Grieving family members of the five Marines who died in a helicopter crash during a deadly storm in California earlier this week said Saturday that their deaths are the latest example of fatal and unnecessary accidents in the military.
Steven Langen, the father of Sgt. Alec Langen, 23, who was serving as crew chief onboard the CH-53E Super Stallion helicopter that went down in the mountains 45 minutes outside of San Diego Tuesday, told The Post that his son’s death is a recent case of what has become “an all too familiar story in the military community.”
“Maybe this is the one instance to where they wake the f–k up and they say, ‘What are we doing to our service members? We’ve got to stop this,’” he said.
On Tuesday, the group was heading back to the Marine Corps Air Station Miramar in San Diego from the Creech Air Force Base outside of Las Vegas as California was pounded with unprecedented rainfall and snow that had made flight conditions treacherous and unstable.
Officials said Thursday that an investigation was ongoing into the cause of the crash, but Bradford Moulton, uncle of victim Capt. Benjamin Moulton, 27, questioned why his nephew and his fellow Marines were in the air during “a thousand-year storm.”
“They’re Marines, they fly in nasty weather, they do what they’re supposed to do … but I sure wish the operations officer would have kept them on the ground,” he said Saturday.
The fatal crash came almost three months after five Army special operations soldiers were killed when their helicopter went down in the Mediterranean Sea during an aerial refueling training exercise.
Eight Air Force special operations service members were also killed during a November training exercise when their CV-22 Osprey crashed off the shore of Yakushima Island, Japan, en route to Okinawa.
The following month, a Marine was killed and 14 others injured when their amphibious combat vehicle rolled over during training at Marine Corps Base Camp Pendleton just north of San Diego.
Aviation experts previously told The Post that the torrential weather conditions more than likely contributed to the fatal helicopter crash that also took the lives of Capt. Jack Casey, 26, Lance Cpl. Donovan Davis, and Capt. Miguel Nava.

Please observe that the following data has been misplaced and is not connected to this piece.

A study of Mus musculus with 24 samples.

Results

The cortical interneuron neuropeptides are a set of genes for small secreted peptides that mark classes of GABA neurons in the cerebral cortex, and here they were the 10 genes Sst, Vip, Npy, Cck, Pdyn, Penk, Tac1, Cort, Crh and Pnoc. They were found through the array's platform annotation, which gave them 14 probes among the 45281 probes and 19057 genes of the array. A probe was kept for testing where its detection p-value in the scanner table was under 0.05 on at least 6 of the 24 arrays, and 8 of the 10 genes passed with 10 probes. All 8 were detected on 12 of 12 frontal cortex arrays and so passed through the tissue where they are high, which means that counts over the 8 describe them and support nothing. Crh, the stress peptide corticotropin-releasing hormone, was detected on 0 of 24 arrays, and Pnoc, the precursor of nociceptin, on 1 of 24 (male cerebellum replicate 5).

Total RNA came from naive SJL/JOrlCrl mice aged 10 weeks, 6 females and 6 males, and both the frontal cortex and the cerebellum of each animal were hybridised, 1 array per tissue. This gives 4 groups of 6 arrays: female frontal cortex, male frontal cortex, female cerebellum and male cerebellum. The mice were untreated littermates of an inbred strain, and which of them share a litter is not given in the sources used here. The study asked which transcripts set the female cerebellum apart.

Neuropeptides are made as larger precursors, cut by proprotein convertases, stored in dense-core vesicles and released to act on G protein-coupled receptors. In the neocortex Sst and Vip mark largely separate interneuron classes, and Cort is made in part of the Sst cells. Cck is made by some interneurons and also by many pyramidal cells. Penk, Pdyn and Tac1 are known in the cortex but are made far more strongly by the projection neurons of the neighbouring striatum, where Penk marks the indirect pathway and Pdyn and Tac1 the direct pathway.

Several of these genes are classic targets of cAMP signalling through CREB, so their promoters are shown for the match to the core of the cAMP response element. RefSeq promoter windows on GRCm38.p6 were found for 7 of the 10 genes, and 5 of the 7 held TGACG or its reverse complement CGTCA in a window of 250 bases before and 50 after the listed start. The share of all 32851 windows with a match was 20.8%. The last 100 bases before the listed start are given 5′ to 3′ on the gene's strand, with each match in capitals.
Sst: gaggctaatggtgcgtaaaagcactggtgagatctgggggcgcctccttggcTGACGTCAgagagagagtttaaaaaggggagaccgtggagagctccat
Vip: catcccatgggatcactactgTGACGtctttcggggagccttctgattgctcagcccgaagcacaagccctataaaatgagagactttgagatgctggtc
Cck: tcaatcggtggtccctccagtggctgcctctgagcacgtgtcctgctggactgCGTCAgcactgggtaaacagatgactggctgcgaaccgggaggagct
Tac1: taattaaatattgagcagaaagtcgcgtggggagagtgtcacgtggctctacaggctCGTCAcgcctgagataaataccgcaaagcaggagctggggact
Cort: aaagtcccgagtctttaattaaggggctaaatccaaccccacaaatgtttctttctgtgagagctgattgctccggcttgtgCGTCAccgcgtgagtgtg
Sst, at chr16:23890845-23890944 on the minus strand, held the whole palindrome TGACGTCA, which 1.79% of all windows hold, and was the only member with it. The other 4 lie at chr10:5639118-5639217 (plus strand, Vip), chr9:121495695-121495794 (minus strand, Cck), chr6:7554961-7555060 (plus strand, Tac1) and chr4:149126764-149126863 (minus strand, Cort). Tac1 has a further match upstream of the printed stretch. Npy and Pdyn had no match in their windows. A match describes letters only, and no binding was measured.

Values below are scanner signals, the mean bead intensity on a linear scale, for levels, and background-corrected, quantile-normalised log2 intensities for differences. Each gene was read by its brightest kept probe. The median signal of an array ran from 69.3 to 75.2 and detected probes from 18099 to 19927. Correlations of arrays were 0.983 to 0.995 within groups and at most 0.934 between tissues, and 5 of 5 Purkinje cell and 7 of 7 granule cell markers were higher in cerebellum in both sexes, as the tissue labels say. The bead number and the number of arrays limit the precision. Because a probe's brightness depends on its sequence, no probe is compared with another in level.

“Not only did it not have to happen, it should not have happened,” said Davis’ father Gregory, 53, a retired naval aviation officer.
The Marines’ grieving relatives all said their kin had been set on enlisting and following in their family members’ footsteps from a young age.
Steven Langen said he had served as a Marines crew chief from 1986 to 1995 and flew the same type of helicopter as his son, Alec — who he believed “did it better.”
Langen recalled Alec saying he only wanted one present ahead of his 17th birthday party.
“The next thing you know, (there’s) a knock at the door. And there’s the Marine recruiter that is standing there,” he said. “All he wanted for his birthday was to sign up one year early for the delayed entry program.”
He said his son died “doing what he loved,” but has left behind his 21-year-old wife, who he had married just four months prior.
Gregory Davis said his son had been surrounded by the Navy and Marine Corps his entire upbringing, beginning with his birth on Naval Air Station Whidbey Island in Washington.
“He was so proud to be a Marine, he loved his job, he loved what he did,” his father said.
“We’re proud of Donovan and everything he was able to accomplish in his short 21 years.”
Benjamin Moulton, his uncle told The Post, had his sights set on becoming a jet pilot for Marines, just like his grandfather, who had been a Marines pilot and achieved the rank of colonel before retiring.
Moulton was “a very brilliant kid” who received a full ride to the University of Washington on an ROTC scholarship and ended up being selected to pilot helicopters in the military branch.
“He was going to be a Marine pilot no matter what,” his proud uncle shared.
Maj. Gen. Michael J. Borgschulte, the commanding general of the 3rd Marine Aircraft Wing, previously said the Marines killed in the helicopter crash “were serving a calling greater than self and were proud to do so. We will forever be grateful for their call to duty and selfless service.”
The Post has reached out to the Marines for comment. The families of Casey and Nava could not be reached.